We, like so many others, have been experiencing an abundance of emotion throughout the past few months.

As a therapist, I know the benefits of emotional expression, and highly encourage it in my clients and my children.

Most of the time, emotions serve as valuable information and give us clues about what we need:

  • Anger lets us know we feel wronged and we need to set or reinforce a boundary
  • Guilt tells us we have wronged someone else and need to make it right
  • Disappointment reveals unmet expectations that might need to be communicated
  • Irritability typically communicates that a basic need (hunger, thirst, connection, comfort, rest) is not being met. All of you who, like me, are raising “hangry” kids know the fast-healing power of a solid snack!

Other times, however, big emotions are triggered simply by our choice of words.

  • “This is NEVER going to end!”
  • “Why do you ALWAYS argue with me!?”
  • “I did not sign up to be a homeschool teacher – this is TERRIBLE!”
  • “As hard as I try to stop yelling at my kids, I just can’t – it’s IMPOSSIBLE!’

When you use extreme words like those in the above examples, you are engaging in all or nothing thinking.

This way of thinking is not helpful because it triggers an emotional response, and getting caught up in emotions prevents you from being able to think clearly. When you aren’t able to think clearly, you are more likely to say or do something you later regret, like yell at your kids or make a snarky remark to your boss or neighbor.

The good news is that you can easily reduce your level of emotional reactivity by being aware of the language you use, and reducing the use of extreme words like these:

  • Always
  • Never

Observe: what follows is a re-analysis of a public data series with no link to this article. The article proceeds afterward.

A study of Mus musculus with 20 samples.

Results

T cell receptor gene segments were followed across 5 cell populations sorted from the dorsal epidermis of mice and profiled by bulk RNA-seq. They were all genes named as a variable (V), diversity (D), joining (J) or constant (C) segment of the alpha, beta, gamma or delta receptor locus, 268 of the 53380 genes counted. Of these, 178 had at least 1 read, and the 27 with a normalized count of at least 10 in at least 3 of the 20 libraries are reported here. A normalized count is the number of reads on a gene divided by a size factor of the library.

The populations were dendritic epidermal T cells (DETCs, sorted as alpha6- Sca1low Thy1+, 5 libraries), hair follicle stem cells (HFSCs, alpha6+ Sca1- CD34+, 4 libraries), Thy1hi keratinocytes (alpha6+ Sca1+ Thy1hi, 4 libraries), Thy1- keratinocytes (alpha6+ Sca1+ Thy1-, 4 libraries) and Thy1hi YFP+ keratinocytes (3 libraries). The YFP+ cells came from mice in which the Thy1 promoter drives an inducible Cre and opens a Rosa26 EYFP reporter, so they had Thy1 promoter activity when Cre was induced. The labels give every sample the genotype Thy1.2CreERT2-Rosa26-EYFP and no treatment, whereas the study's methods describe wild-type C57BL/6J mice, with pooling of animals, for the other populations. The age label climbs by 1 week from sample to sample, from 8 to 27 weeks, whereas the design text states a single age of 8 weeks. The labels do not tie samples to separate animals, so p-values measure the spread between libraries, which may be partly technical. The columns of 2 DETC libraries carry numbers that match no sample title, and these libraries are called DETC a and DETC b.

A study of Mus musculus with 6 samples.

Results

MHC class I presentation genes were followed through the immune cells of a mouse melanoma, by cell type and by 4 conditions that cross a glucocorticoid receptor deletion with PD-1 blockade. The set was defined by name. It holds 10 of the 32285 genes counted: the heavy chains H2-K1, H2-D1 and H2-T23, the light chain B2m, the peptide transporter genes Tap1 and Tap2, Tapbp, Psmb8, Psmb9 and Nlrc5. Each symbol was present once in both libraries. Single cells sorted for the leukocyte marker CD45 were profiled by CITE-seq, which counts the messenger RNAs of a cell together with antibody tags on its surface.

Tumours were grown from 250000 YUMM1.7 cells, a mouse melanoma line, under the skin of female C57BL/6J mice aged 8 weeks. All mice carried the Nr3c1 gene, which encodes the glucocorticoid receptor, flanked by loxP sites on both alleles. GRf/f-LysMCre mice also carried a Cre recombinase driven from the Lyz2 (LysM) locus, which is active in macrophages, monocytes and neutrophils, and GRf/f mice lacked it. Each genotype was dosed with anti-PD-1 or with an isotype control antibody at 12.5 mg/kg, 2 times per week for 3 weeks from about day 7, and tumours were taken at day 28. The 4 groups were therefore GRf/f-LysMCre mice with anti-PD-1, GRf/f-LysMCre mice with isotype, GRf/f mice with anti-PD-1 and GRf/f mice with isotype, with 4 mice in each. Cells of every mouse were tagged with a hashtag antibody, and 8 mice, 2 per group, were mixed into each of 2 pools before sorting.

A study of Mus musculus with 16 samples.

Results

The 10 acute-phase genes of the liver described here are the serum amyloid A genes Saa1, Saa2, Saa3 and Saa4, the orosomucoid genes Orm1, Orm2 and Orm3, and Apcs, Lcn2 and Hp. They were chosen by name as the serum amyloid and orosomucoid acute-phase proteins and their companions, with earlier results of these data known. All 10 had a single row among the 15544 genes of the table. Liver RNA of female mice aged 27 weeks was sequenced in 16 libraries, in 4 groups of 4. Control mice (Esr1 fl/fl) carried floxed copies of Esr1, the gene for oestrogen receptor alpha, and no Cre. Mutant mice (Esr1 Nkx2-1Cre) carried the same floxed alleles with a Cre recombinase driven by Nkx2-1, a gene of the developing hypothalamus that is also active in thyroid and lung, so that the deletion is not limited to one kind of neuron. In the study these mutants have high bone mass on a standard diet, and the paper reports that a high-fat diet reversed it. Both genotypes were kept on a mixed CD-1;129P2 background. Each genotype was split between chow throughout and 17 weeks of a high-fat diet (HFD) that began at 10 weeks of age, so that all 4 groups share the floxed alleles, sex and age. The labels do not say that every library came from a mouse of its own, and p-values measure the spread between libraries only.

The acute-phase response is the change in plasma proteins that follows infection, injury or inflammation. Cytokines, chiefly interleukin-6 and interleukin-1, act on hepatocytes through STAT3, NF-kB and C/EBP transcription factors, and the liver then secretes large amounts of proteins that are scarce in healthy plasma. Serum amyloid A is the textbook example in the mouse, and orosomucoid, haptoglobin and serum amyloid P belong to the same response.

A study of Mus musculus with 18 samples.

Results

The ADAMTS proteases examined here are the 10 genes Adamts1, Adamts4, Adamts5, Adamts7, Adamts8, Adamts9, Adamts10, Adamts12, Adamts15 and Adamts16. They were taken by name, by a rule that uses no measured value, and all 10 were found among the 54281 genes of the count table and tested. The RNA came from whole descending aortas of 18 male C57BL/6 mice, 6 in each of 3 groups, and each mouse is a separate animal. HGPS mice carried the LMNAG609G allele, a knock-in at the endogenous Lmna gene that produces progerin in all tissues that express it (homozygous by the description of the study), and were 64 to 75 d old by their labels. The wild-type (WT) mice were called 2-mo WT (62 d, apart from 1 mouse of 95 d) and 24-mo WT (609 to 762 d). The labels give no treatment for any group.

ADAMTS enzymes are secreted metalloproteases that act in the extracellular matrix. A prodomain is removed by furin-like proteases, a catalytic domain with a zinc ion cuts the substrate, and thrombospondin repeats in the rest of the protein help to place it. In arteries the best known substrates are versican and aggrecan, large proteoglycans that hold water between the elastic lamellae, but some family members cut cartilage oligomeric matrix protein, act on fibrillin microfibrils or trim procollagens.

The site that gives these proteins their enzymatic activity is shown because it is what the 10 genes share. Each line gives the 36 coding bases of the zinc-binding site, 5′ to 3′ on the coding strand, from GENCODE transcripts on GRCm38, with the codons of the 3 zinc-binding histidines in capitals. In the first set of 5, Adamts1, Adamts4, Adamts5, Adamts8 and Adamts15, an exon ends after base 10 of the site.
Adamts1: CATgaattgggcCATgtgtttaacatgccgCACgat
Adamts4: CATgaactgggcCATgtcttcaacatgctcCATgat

• Nothing
  • Everything
  • Perfect
  • Worthless
  • Terrible/Horrible
  • Useless

Rather than using extreme words, and triggering a big emotional response, be specific about what you are experiencing or what you need.

Alternatives to the above statements could sound something like this:

  • “This has been going on longer than I had expected and I am feeling discouraged. I am going to call a friend for some encouragement.”
  • “I don’t want to argue with you right now. Let’s take a minute to cool off and talk about it again in a little bit.”
  • “Being a homeschool teacher is not something I enjoy. I am going look for some resources that can offer some help.
  • “As hard as I try to stop yelling at my kids, I keep slipping up. Something isn’t working, so I am going to reach out and get some help and support.”

As with anything, the more you practice, the easier it gets. Try to catch yourself using an extreme word or statement each day and rephrase it to a more specific, less emotionally triggering statement.

You can help your children with this skill as well. Talk to them about this concept and help them understand how their words impact their emotions. You can even make a fun challenge out of it by agreeing to catch each other if one of you uses an extreme word! I have been known to pay my kids to help me break a bad habit, like saying naughty words. They want the money so they are motivated to pay attention to what I say, and I don’t want to lose, so I am more conscientious of the words I choose!  As I’m writing this, I’m realizing I have slipped back into this bad habit – it might be time to pay them to catch me again!

If you would like some help explaining the concept of emotionally triggering words to your child, check out my social media and have them watch the video I made.

You can find that by clicking HERE for Facebook, or HERE for Instagram.

Be sure to like the video if you find it helpful!